No link found between statins and breast cancer

According to a new study by U.S. researchers, women who use statin drugs to lower their cholesterol are no more likely to develop breast cancer than women who do not use the drugs.

The study is apparently the largest yet to evaluate statin use and invasive breast cancer in terms of the number of incidents of breast cancers, and directly contradicts some earlier studies that suggested such a link.

Previous studies on statin use and breast cancer risk have provided mixed results.

In the current study, statin users had a somewhat lower breast cancer incidence than nonusers, but the differences were statistically significant only in women who reported using hydrophobic statins.

This may explain the inconsistency in previous results and may reflect differences in the association with specific statins.

The study involved as many as 156,361 women, and when virtually every other risk factor was considered such as a family history of breast cancer, alcohol consumption, physical activity, mammography utilization, menopausal hormone therapy, smoking, etc. no association was found between between statin use and breast cancer.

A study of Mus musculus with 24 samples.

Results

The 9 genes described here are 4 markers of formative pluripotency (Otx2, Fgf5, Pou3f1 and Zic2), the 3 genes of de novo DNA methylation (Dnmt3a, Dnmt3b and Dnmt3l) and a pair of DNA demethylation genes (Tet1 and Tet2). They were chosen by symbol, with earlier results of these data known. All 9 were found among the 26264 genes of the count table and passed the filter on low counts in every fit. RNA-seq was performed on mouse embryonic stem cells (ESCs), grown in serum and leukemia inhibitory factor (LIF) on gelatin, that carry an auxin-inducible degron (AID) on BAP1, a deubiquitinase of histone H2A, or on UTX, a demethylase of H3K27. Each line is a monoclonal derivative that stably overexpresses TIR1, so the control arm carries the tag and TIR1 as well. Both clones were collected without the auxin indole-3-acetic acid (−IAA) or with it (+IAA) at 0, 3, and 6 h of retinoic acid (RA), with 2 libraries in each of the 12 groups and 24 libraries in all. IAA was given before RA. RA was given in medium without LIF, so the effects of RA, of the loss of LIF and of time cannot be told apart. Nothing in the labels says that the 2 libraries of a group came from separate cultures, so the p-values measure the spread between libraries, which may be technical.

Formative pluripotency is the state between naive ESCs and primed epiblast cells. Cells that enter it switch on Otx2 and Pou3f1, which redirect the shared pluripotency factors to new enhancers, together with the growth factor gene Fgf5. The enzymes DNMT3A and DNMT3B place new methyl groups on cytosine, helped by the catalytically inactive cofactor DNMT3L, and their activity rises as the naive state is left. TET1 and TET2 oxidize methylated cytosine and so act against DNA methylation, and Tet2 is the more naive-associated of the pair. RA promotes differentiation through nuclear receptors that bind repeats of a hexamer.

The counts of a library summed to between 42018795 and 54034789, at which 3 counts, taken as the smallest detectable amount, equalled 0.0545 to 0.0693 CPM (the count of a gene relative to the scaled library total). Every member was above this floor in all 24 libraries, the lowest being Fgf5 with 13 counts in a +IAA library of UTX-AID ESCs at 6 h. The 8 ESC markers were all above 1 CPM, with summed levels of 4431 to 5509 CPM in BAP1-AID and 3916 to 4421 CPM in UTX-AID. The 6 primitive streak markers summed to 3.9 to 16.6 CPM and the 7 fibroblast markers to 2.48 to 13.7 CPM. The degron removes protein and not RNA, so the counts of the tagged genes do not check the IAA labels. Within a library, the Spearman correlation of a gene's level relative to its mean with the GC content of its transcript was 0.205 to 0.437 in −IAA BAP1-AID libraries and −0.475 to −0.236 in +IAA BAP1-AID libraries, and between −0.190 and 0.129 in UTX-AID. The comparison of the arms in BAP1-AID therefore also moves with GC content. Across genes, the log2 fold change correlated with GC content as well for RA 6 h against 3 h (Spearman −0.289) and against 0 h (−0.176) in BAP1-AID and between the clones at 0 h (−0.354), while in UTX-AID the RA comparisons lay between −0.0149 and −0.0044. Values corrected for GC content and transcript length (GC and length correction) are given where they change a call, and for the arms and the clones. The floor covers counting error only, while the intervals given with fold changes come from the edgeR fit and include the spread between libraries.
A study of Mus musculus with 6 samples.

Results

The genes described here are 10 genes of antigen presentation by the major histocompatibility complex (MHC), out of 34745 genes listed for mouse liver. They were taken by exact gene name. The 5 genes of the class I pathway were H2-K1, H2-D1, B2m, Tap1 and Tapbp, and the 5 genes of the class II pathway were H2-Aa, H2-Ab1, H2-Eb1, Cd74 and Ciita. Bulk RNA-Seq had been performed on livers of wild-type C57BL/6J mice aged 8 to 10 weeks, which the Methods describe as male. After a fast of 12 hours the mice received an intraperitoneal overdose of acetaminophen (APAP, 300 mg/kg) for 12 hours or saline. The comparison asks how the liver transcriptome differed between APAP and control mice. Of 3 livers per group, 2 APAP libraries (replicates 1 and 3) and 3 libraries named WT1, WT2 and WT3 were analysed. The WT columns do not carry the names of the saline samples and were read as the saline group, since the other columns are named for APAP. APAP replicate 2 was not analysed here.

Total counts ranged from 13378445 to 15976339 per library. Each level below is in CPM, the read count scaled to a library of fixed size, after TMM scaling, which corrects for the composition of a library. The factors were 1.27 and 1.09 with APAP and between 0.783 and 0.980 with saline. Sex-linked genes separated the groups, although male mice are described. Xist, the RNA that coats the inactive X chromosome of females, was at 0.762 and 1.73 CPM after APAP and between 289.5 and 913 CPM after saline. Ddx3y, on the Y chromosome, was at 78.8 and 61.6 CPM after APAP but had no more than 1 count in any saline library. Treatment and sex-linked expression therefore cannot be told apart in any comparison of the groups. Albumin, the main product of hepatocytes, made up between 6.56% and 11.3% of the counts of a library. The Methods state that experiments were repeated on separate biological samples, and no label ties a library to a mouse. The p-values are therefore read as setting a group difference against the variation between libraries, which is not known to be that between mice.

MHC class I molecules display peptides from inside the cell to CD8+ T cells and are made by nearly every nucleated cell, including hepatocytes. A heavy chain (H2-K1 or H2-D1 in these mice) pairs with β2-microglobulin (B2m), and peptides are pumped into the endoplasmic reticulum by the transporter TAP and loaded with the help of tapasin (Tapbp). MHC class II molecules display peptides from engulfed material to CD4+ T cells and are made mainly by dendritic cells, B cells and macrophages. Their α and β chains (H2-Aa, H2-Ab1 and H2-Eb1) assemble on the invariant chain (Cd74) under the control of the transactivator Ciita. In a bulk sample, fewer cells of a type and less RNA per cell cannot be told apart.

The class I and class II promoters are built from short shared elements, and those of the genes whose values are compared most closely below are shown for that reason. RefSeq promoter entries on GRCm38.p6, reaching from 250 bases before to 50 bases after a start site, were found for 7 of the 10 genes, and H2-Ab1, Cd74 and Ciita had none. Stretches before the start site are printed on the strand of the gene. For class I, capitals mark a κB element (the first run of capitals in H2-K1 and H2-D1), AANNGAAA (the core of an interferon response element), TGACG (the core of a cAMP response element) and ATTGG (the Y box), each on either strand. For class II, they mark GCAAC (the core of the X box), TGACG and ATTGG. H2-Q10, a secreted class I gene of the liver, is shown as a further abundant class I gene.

But it found there was a possibility that certain formulations of statin drugs may reduce breast cancer risk.

Statins are some of the most widely prescribed drugs in the United States, and the researchers say that because breast cancer is the most frequent cancer in U.S. women, any link between statin use and breast cancer risk would have major public health implications.

The researchers, from universities across the United States, studied the medical records of more that 156,000 women past menopause taking part in the Women's Health Initiative study.

In that study it was found that 7.5 percent of the women used statins.

Over the six-plus years of the study, about 4,300 women were diagnosed with breast cancer and according to study leader Dr. Jane Cauley of the University of Pittsburgh.

There was not a significant difference among the women who took statins and those who did not.

However women who used a certain type of statin, known as hydrophobic statins, had an 18 percent lower risk of breast cancer.

The researchers conclude that when all statins are considered together as a class, no statistically significant association with breast cancer was seen.

However, use of hydrophobic statins was associated with statistically significantly lower breast cancer incidence, a finding they believe warrants further evaluation.

The study is published in the Journal of the National Cancer Institute.